Moralism and Child Poverty

Monday, July 4, 2022

Categories: Gospel and Culture

Moralism and Child Poverty

Monday 4th July 2022


POV. Looking back I grew up in a ‘moralistic’ Christian environment. So did most of my Christian friends who were attending Brethren, Salvation Army and Pentecostal churches. In this environment there were an awful lot of ‘Thou shalt nots’. Thou shalt not buy groceries or anything for that matter on Sundays, thou shalt not play sport on Sundays, thou shalt not dance, thou shalt not play certain card games, thou shalt not listen to rock and roll music (for fear of backward masking amongst other things), etc. If you are 50 or over and grew up in church you will remember those days.

My three siblings and I were quite fortunate compared to many. We grew up in a strong evangelical presbyterian church in down town Wellington, New Zealand where moralism existed all right but at a low level…..meaning there were not to many of these thou shalt nots and besides they were not that strictly enforced. We did dance, we did play cards and even put a few bucks on the table occasionally and we were allowed to hold hands at youth group. It seemed that both our parents and youth group leaders understood something about what has become known as ‘extra-biblical teaching’ and were at least trying to minimise its impact on us. Maybe they understood that the true Gospel was about a life changed by Jesus and not by a false Gospel of rule keeping.

Further and what I find fascinating is that there is a complete absence of moralistic teaching from Jesus. Please keep in mind he lived in an extremely sinful context, I mean really bad stuff was going down. So here’s my question. Did Jesus ever rail against the culture? Did he ever publicly criticise the law makers (politicians)? Did he ever act as if He was the moral policeman? No He did not.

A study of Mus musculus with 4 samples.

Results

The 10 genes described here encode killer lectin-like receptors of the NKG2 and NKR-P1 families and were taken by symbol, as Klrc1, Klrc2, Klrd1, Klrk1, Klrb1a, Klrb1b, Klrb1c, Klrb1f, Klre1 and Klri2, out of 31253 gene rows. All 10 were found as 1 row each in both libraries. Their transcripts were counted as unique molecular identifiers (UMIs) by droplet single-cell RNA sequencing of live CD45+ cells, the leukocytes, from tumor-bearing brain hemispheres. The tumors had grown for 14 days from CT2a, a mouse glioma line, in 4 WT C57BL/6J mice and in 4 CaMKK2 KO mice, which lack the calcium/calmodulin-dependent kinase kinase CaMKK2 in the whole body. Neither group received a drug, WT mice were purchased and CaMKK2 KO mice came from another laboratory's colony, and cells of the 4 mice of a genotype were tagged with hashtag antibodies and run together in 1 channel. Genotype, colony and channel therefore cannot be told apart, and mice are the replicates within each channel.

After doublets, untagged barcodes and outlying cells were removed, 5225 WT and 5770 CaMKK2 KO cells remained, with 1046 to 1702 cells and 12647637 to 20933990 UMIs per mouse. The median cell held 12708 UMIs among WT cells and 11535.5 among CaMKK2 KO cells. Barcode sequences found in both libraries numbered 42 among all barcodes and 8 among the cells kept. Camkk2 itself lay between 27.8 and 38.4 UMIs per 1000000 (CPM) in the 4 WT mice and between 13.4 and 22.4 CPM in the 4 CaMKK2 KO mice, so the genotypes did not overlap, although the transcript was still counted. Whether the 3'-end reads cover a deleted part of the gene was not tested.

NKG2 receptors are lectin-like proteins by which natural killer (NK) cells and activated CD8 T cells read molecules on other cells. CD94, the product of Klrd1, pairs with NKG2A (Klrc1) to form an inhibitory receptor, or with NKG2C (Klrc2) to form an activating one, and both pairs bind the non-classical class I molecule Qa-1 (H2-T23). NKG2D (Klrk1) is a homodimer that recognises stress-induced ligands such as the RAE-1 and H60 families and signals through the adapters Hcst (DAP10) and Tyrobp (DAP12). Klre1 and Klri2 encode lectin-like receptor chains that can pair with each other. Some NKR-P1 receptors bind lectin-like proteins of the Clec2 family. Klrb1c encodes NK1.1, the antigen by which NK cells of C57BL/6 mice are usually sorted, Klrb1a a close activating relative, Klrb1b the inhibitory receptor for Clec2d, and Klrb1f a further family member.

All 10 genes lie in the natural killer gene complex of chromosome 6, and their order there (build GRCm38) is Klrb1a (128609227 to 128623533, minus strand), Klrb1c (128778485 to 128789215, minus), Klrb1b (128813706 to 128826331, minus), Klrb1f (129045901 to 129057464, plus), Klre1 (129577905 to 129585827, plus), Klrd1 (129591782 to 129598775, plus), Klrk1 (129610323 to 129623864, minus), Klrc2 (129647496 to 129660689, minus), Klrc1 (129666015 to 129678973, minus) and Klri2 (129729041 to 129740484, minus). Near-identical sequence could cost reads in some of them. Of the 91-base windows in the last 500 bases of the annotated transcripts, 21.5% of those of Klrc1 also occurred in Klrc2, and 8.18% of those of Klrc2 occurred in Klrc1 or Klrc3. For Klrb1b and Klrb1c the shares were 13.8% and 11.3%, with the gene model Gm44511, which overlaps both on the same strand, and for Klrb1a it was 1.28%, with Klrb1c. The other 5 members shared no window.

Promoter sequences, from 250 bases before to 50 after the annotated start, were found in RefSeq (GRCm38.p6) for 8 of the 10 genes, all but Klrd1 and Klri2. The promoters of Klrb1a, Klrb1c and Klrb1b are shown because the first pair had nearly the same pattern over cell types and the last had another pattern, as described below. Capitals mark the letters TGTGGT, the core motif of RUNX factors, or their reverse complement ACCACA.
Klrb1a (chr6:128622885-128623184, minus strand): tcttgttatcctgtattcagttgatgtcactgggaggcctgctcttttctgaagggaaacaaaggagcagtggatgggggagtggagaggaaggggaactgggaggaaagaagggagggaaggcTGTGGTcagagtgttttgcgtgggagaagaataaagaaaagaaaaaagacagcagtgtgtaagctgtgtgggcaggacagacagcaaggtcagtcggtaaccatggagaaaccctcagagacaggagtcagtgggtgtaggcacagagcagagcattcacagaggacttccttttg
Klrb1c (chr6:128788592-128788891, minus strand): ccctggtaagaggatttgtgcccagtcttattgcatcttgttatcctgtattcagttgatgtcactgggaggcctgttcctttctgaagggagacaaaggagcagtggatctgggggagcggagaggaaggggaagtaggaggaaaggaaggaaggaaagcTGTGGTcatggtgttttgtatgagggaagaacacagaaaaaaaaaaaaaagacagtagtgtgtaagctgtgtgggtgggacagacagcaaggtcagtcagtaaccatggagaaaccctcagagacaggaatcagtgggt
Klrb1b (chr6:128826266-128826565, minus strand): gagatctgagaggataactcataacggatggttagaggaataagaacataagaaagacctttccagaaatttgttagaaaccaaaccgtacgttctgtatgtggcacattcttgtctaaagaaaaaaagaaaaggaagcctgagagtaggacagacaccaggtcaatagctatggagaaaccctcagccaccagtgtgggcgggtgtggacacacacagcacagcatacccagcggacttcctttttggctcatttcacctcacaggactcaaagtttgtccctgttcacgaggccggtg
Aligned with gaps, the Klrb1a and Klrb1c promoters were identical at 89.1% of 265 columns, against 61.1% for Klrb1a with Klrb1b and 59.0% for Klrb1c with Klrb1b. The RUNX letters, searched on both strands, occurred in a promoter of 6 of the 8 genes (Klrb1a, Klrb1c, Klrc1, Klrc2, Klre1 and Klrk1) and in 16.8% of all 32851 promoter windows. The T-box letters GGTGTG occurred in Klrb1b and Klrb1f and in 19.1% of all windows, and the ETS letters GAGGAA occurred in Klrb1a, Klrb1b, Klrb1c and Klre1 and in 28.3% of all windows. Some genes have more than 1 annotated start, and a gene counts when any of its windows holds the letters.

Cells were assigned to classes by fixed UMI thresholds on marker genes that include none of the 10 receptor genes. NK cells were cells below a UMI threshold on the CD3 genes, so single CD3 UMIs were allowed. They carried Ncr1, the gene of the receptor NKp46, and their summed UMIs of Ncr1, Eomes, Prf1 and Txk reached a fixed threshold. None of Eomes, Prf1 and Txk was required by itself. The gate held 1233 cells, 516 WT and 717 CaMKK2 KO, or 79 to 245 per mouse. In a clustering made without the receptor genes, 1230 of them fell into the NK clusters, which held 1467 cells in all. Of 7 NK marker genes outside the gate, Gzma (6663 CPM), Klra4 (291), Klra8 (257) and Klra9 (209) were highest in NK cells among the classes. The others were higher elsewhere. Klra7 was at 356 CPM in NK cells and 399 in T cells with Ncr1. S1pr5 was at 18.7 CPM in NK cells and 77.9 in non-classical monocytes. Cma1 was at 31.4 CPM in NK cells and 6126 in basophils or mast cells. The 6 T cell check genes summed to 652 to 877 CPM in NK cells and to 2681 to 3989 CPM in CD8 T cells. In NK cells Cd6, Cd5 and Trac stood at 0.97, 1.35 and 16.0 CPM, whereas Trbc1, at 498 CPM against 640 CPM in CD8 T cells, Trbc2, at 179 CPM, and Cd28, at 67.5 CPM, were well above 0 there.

Rather what we do know is that He hung out with prostitutes, fraudsters and drunkards. He showed them a better way. And not-yet-Christian people were attracted to Him and His teaching by the score.

Friends, I have been worried for a while about a new kind of moralism evident in evangelical circles in New Zealand. It seemed to be emboldened during the Trump era. Christian leaders getting up on their soap boxes and having a rant about the evils of our world. And now with social media we are bombarded by ‘cheap shots’ being fired across the bow. Sincerely, I just don’t think it will help our cause, not for a moment. All it does is reinforce the notion in the minds of most that we are morally superior. And most non-believers know that is simply not true. And then from moralism comes another attitude that really repels people to our message, namely, judgementalism.

Finally, I am ever so aware that my message here can be easily misunderstood. So to be clear I am not saying that as evangelicals we should hold strongly to some moral imperatives, not at all. We absolutely should. But it is how we express these moral beliefs and principles that really matters. We are not called to be the moral police in modern times.

Child (family) Poverty

Poverty is most often multi layered and multi-generational and it is heart breaking. Without enough money to get by families are crowding together to save on rent; without enough money for good food, children aren't getting the nutrition vital to a healthy immune system; without money for heating their houses they are cold and damp and the resulting mold harms their respiratory systems; without money for doctors’ visits for minor illnesses the minor becomes major because children are too often sick, cold and undernourished they don’t learn as well; without enough for the necessities of life these households are stricken with acute stress.

According to the Child Poverty Action Group (CPAG) there are now 150,000 children in NZ in extreme poverty.

POV. Right here is a ministry opportunity. If every local church in NZ signed up to become a member of the CPAG for $100.00 per year that would give this superb organisation a cash injection of about $300,000 every year and you would be part of movement that is seeking to create “An Aotearoa where all children flourish, free from poverty”. That would be a most excellent Christian response.